Thursday, January 19, 2017

Looking for some non-fiction?

I used to read about 99% fiction, and every once in awhile slip in a non-fiction book - like if Malcolm Gladwell came out with something new - but in past years, I'd say I've upped the non-fiction portion of my plate to about 40%, maybe even 50%.  Some of this is because I generally find news difficult to digest, but I know I need to be informed on certain topics - so a book is generally a good way for me to stay slightly educated.  I also really like memoirs, so those have increasingly become popular - both for me, and seemingly as a way for people to get published.  I also tend to read a lot of non-fiction that is relevant to the work I do professionally, so that means a lot about race and the criminal justice system.  Whatever the case, here are a few non-fiction books I've read recently:

Writing My Wrongs by Shaka Senghor: Mr. Senghor grew up in Detroit and at a young age found himself abandoned by his family and selling drugs.  He ended up in prison, serving time for second degree murder.  Now, Mr. Senghor is a free man who speaks across the country about his transformation in prison, and works tirelessly to speak out against the evils of mass incarceration in this country.  This is a powerful and touching memoir that sheds light, not just on the incredible life on one individual, but on all of us and the criminalization of African-American youth that we've allowed to develop and persist in this country.  I had the pleasure of seeing Mr. Senghor speak about his life and his book - and he is definitely a voice of change that I hope we will keep seeing more from.

Why are All the Black Kids Sitting Together in the Cafeteria?:  After a charged training session on implicit bias and race in the criminal justice system, a couple of us in my office decided to start a Diversity Book Club - a space for us to read books about race and to come together in a (hopefully) safe space to talk about them.  We stared with Dr. Tatum's book because it seemed to go back to the basics with respect to explaining race.  I really appreciate the basic message that we don't live in a color-blind society, and to pretend otherwise or to make comments such as, "I don't see race, I only see people" is to deny the very real reality of racism that is going on all around us.  Dr. Tatum is frank about the need to discuss issues of race early and often, and that by talking about race we aren't encouraging children to see differences, but acknowledging that they already see those differences, and helping to support an understanding around that.  This book is a great resource for starting discussions with friends and family, and includes many recommendations for further reading on the topics raised in the book.  I appreciate that Tatum also touched on multiculturalism in her discussions.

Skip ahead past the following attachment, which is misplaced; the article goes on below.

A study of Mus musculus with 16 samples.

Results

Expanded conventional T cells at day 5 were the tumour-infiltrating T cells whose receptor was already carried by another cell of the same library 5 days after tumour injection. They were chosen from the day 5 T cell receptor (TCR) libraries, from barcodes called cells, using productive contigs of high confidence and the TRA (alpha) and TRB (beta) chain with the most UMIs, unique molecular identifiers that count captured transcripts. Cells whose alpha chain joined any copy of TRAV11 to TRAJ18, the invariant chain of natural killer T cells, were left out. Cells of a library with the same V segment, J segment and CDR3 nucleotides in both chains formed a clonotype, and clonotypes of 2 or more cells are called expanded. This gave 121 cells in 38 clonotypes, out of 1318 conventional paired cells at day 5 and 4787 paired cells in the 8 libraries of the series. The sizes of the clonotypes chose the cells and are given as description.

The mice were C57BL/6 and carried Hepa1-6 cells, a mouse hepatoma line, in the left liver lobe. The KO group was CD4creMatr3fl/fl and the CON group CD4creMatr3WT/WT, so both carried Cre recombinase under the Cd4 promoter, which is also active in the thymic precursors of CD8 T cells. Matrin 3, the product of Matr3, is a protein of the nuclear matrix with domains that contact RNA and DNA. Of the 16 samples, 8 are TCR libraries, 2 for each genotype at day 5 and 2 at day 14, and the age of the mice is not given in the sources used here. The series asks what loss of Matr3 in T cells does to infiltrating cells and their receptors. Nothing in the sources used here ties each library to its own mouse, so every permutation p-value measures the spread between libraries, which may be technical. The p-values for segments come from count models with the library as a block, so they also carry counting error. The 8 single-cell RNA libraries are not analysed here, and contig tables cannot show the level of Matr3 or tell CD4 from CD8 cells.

Waking up White: Debby Irving: This was another Diversity Book Club pick - a memoir by a well-intentioned white woman who has a racial "awakening" later in life and attempts through this book to stress the importance of having discussions about race, and the importance of white people reflecting on their own race and privilege.  I liked the basic premise of the book, and this author is nothing if not brave in exposing her complete ignorance about race relations.  Her willingness to put herself in awkward situations time after time and to make mistakes when it comes to talking about race is commendable - and probably the only way most people are going to make any head-way on this issue.  That being said, she also comes across as very irritating and tiresome.  She has questions at the end of each chapter for the reader to reflect on, and the general consensus at our book group was that these questions seemed to be for younger readers, and for the most part directed at white readers (perhaps her assumption being that mostly people from backgrounds similar to hers would read this book).  There is a lot to complain about with respect to this book, but at the same time, I can think of so many well-intentioned people who would really benefit from reading it.  Perfect for someone who believes in racial equality, but recognizes that they have their own biases with respect to races other than their own, and wants to figure out some way to bridge that gap and become a better ally and advocate in our ever-present fight against racism in this country.